OK. Back to bodily functions.
I read this CNN article tonight. It’s about the debate over breastfeeding in public. The headline shouts “Lactivists: Where Is It OK To Breastfeed?”
First, I laughed over the term “lactivist.” Women who have become activists about their rights to breastfeed wherever they are when their babies need to eat have been named lactivists. I think that’s very clever. And I love punny plays on words. So “lactivist” has become my new favorite word. 🙂
Next, I want to weigh in with my opinion. While I’m not a lactivist, (I’ve never participated in a nurse-in, which I’m pretty sure you have to do in order to be a card-carrying lactivist) I do think women should legally be allowed to nurse their babies anywhere. I’ve nursed in restaurants, in movie theaters, at parks, during staff meetings at a summer camp, and at family gatherings. But I try to be discreet and keep my breasts covered. I don’t want just anyone and everyone seeing my breasts. I think they are a private part of my body, so I try to keep them covered.
I know women who cannot seem to nurse discreetly. Every time they nurse, they end up flashing everyone around them. Honestly, I can understand why some people would complain about these women nursing in public. I know, these women say the breast is more than a sexual object; it is a natural way to feed our babies. I agree. But in our culture, like it or not, the breast is a sexual object and is considered a private body part. That’s why it’s sexual harassment if a man touches a woman on her breast, but it’s not necessarily sexual harassment if a man touches a woman on, say, her forearm. So, most people don’t want to be flashed while they are trying to enjoy a dinner out with their family. Most moms don’t want their 10-year-old sons sitting across from an exposed breast at Cracker Barrel. I can understand that, and nursing moms ought to be sensitive to that.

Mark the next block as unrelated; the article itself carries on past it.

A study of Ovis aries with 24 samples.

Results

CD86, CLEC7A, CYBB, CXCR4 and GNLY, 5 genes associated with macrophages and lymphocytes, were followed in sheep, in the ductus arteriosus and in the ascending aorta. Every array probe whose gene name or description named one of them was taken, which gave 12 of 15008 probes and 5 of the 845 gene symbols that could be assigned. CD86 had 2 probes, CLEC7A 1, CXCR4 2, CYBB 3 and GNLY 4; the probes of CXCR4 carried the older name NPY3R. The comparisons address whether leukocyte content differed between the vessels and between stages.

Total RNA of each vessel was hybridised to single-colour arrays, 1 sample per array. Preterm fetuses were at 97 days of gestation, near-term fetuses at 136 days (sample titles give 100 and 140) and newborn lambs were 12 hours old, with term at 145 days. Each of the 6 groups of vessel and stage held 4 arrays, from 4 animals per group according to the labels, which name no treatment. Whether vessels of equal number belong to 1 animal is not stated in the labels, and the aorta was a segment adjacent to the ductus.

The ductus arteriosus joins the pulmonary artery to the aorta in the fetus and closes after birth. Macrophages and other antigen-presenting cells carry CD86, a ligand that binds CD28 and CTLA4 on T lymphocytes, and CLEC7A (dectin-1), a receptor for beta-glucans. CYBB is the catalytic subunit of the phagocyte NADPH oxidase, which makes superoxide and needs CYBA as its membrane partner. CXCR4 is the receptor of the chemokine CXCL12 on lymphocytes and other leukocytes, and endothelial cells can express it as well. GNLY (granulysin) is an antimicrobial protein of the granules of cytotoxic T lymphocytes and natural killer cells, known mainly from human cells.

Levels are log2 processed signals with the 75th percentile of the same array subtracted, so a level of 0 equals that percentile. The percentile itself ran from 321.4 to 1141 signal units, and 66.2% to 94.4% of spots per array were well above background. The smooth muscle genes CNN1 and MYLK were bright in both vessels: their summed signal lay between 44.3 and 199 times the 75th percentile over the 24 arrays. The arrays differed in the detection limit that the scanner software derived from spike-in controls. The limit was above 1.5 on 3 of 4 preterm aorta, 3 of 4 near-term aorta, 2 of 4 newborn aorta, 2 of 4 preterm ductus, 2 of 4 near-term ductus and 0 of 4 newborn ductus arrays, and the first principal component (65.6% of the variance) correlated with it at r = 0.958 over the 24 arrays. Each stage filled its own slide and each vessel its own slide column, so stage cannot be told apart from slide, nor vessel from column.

If all nursing moms were sensitive to that and tried to be discreet, I don’t think anyone would complain. Nobody has ever complained or given me a dirty look for nursing my babies in public. Most people don’t even know that’s what I’m doing. They think I’m holding a sleeping baby close against me. I know this because a lot of people have started to lean in to get a closer look at the sweet, sleeping baby or have started to move the blanket partially covering my baby. Of course, then I’ve covered the baby up completely, leaned away a little, and said, “Thank you;” or if that still doesn’t give them the hint, I’ve smiled and said, “He’s eating now.”
We can breastfeed our babies in public without becoming a public display. We can breastfeed our babies in public without making a statement, without screaming out, “Look at me! I am woman; watch me nurse!”
When I nursed my babies, I would choose the chair against the wall instead of beside the aisle, and I would cover with a blanket or burp cloth when my baby latched on, and if there was any chance my squirmy baby would let go and expose me, I would stay covered with a light cloth while he nursed. This does not mean I was embarrassed by breastfeeding my baby. It means I respect those around me. I tried to keep the private areas of my body private. You can breastfeed your baby in public and still keep your breasts private. That’s what I would say to the lactivists.